200712olsenbags.jpgThe NY Post warns the women of New York that their bag habits may be bad for them. Some women sling up to 11 lbs over their shoulder on a daily basis, and doctors warn that "Any time there's an unequal weight distribution on the shoulders or upper back, it's going to affect alignment of the spine." While we think it's more about living in New York and carrying around what you need to get you through your waking (and walking) hours -- the Post also lays blame on celebs who have made the big-bag trend popular.

Designers and fashion-forward celebrities have turned oversized totes with massive metal hardware into must-have accessories. While many start at over $1,000, they also weigh an average of 4 pounds empty.

According to their poll, the average bag weighed in at 7 lbs -- most included water, makeup, wallet, cellphone/BlackBerry, sunglasses, keys and some of the harder core handbags even toted gym clothes. Always ahead of the curve, the Harvard Crimson wrote about this very same thing two years ago.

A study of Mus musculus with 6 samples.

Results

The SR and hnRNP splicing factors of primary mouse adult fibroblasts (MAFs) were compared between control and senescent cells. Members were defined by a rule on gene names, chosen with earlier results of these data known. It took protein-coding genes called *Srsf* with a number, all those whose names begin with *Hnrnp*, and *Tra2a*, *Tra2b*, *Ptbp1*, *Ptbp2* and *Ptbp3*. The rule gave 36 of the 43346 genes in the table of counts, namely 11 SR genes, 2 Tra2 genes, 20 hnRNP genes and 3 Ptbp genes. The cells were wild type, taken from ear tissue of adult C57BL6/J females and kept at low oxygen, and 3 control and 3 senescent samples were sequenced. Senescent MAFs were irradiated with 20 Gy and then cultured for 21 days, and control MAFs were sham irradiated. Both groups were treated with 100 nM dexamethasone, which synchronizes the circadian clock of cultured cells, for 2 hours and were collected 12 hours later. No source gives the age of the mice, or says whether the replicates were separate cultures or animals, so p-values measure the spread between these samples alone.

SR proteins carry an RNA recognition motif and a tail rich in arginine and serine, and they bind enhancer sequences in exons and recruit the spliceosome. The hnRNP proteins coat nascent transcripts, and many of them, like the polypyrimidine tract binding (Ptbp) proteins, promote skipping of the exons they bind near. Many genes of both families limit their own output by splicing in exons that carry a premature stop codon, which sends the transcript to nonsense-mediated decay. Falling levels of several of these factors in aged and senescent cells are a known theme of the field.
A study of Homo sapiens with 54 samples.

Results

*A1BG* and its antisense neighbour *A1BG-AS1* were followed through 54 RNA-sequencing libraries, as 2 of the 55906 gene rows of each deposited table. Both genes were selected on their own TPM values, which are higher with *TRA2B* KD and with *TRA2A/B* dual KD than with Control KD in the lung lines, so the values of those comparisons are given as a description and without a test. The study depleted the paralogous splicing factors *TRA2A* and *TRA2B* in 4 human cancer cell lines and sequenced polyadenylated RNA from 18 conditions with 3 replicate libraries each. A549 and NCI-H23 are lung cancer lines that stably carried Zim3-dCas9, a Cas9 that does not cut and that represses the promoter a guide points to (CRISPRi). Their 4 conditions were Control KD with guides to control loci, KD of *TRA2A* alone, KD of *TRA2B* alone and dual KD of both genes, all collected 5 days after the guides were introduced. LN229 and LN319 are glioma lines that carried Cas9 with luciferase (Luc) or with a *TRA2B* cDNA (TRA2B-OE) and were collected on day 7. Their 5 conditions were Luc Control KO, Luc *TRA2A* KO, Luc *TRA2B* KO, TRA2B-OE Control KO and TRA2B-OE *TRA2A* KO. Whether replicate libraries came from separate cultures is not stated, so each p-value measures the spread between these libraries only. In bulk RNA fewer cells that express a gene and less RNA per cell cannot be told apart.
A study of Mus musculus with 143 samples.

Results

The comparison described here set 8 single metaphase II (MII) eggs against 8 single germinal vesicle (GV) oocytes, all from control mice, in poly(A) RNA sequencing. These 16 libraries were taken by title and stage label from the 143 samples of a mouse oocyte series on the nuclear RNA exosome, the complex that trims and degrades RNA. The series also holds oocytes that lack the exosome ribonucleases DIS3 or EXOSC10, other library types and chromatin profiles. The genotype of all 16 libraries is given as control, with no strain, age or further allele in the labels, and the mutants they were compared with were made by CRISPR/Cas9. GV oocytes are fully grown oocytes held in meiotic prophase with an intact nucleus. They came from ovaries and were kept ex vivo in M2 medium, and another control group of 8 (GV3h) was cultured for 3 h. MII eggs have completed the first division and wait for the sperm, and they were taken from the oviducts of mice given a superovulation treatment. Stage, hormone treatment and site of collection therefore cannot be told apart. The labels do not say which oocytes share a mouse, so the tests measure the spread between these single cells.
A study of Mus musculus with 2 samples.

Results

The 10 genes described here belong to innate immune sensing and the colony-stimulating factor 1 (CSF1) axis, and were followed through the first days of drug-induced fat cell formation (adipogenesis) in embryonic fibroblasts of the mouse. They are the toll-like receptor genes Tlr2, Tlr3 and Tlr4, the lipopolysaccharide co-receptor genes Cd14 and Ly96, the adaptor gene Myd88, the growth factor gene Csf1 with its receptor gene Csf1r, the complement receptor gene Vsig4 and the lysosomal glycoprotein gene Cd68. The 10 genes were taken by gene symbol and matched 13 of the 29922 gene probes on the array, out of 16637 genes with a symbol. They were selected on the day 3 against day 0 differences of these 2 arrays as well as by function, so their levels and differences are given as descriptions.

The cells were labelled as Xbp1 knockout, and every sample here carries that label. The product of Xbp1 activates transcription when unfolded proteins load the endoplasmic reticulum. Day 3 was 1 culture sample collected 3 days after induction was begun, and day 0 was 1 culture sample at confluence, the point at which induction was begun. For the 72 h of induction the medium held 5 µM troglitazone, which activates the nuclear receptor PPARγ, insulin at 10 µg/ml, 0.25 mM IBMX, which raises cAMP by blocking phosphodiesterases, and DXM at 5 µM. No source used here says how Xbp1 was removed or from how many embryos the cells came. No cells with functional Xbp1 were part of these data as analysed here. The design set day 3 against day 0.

Pint-sized celebrities and models who do cocaine on the front page of the London Daily Mirror have taken to bragging about their protruding collar bone indirectly, by sporting an extremely large bag. Seemingly, the largeness of your bag is inversely related to your smallness, thus, the greater the possibility that you could dismember yourself and stuff all of your extremities into it. The trend probably started with the Olsen twins, the originators of all things hip and extremely outsized.

Didn't that trend die earlier that year when the NY Times wrote about it? One tip to the still weighed-down women out there: "Alternate sides every other day. That will at least help balance the weight distribution." And read more about the "killer handbag" here.